Workholding with Pot-Chucks
Holding parts for second and subsequent machining steps can be quite a challenge. If you are just starting out in model engine making, you may be tempted to look at a job and think that your three-jaw self-centering scroll chuck looks like it might just do the job, if you take really light cuts... don't even think about it; there's no substitute for solid workholding. On this page we'll look at a simple device which takes only a few minutes to make from scrap, but which will make light work of second operations on things like prop drivers, backplates, cylinder heads, and the like.
This photo shows a pile of pot chucks made over the decades (as if they don't show it) for various jobs. All have been machined from some off-cut, generally steel, of a size appropriate to the thing to be held. They consist of a shallow cup, or "pot", with a hole in the middle and a flange around the outside. The ring is cut through in one place, and sometimes slit to the pot wall 60° either side of the through-slit, on the outer or inner flanges, or both.
The general idea is to make the "cup" diameter a close fit on the part to be held so the three jaw chuck will compress the pot-chuck, holding the work tightly. The depth of the pot-chuck gives the three-jaw chuck something to grip onto and the outer flange locates it against the scroll chuck jaws providing more stability, and as the cup was machined with the flange against the jaws, a high degree of concentricity and repeatability—more on that later.
Here's an old prop drive washer (for the Sugden Special). It has been face-knurled and has a central spigot to locate the prop. First machining operations were completed easily while the driver was the end of a length of barstock. After drilling undersize and parting off, it needs to be faced to thickness, chamfered, and reamed with a tapered D-bit reamer to fit the propshaft collet. It should be obvious that unless the prop driver is held so the knurled face is normal to the lathe axis, the driver will induce a disastrous and unacceptable wobble on the spinning propeller.
The pot-chuck is machined from the rear first, producing the outer part of the cup and the rear of the flange. I generally make the walls and flange about 1mm (0.040) thick. The job is then reversed in the lathe and the rear of the flange pushed firmly into contact with the front of the self-centering chuck jaws for the remaining operations: facing to final flange depth, boring out to the required size and depth, then drilling and boring out the center.
At this point, the core of the pot-chuck is running perfectly true, but all scroll chucks have a degree of run-out, so we must now mark the pot-chuck so when we place it back in the three-jaw chuck, it will be in close to the same orientation as it was when we machined it. To do this requires some fore-thought. As you probably know by now, the jaws of your scroll-chuck must be inserted in specific locations. To enable this, each jaw and each slot of the chuck is numbered, one to three. But these are hidden when the jaws are inserted, so unless your chuck is already stamped, stamp a "1", or some other mark opposite the #1 chuck jaw (as seen in this photo if you look closely on the backplate). Use this mark to place a light center-punch mark on the flange in the middle of the #1 jaw piece. You can now remove and replace your pot-chuck with the best chance of retaining concentricity.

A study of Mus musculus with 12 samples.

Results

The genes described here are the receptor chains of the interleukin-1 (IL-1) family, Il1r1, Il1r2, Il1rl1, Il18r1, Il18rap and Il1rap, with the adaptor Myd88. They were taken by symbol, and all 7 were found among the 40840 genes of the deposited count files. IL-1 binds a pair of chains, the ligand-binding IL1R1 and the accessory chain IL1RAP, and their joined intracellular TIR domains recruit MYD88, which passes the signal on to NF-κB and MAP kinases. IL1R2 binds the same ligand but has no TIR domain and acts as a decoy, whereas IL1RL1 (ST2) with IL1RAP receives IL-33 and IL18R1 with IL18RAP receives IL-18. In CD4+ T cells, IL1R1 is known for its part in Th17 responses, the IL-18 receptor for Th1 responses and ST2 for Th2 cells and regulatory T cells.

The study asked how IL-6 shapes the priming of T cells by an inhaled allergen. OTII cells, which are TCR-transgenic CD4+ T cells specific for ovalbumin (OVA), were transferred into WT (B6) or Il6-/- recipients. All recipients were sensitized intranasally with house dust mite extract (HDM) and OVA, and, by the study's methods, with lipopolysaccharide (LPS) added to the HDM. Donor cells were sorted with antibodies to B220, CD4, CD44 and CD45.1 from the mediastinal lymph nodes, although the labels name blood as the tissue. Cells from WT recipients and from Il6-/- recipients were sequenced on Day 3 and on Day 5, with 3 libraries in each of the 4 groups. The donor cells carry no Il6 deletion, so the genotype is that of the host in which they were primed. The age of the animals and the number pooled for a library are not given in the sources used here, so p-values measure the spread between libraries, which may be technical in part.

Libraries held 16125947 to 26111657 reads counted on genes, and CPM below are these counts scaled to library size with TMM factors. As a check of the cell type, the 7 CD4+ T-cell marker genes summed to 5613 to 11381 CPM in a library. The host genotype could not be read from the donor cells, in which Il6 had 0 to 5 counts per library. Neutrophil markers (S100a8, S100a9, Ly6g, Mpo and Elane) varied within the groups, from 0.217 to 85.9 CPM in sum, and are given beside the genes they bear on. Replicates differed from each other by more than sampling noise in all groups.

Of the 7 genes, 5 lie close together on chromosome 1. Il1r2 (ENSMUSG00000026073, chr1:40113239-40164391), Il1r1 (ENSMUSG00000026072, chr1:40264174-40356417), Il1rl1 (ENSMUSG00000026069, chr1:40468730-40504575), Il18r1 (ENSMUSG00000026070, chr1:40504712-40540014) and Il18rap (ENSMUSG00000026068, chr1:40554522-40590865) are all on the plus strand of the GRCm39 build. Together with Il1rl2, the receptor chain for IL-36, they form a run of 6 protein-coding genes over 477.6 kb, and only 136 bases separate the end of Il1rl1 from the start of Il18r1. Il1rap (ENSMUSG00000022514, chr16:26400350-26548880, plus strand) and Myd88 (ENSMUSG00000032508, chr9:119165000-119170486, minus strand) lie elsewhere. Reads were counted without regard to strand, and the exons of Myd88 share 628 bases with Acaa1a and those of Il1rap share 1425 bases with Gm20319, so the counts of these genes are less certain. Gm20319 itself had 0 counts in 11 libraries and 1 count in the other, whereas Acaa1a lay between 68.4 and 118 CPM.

All that remains to be done is to scribe a diameter through the center-punch mark, then cut through the pot-chuck opposite the punch mark. If the pot-chuck is large, or the walls are thick, consider sawing through the inner and out flanges 60° to either side of the through-cut to better allow the pot-chuck to flex and grip your work. Generally, if the cup is a good, close fit on the job, you won't need to do this though.
I could have said more about determining how deep the pot should be, but really, that is obvious—the important part is in marking the jig so it can be replaced correctly before use. Swarf in the three-chuck scroll will also impair concentricity, so clean it regularly. You'll find many uses for pot-chucks in model engineering. I think I read about them first in the QUORN Book, by Professor Dennis Chaddock, where he used them to face steel washers to very specific widths, as determined by trial fit, in order to position the ball handles in the best position for convenient operation of his tool and cutter grinder. I doubt there is any other way that job could be accomplished.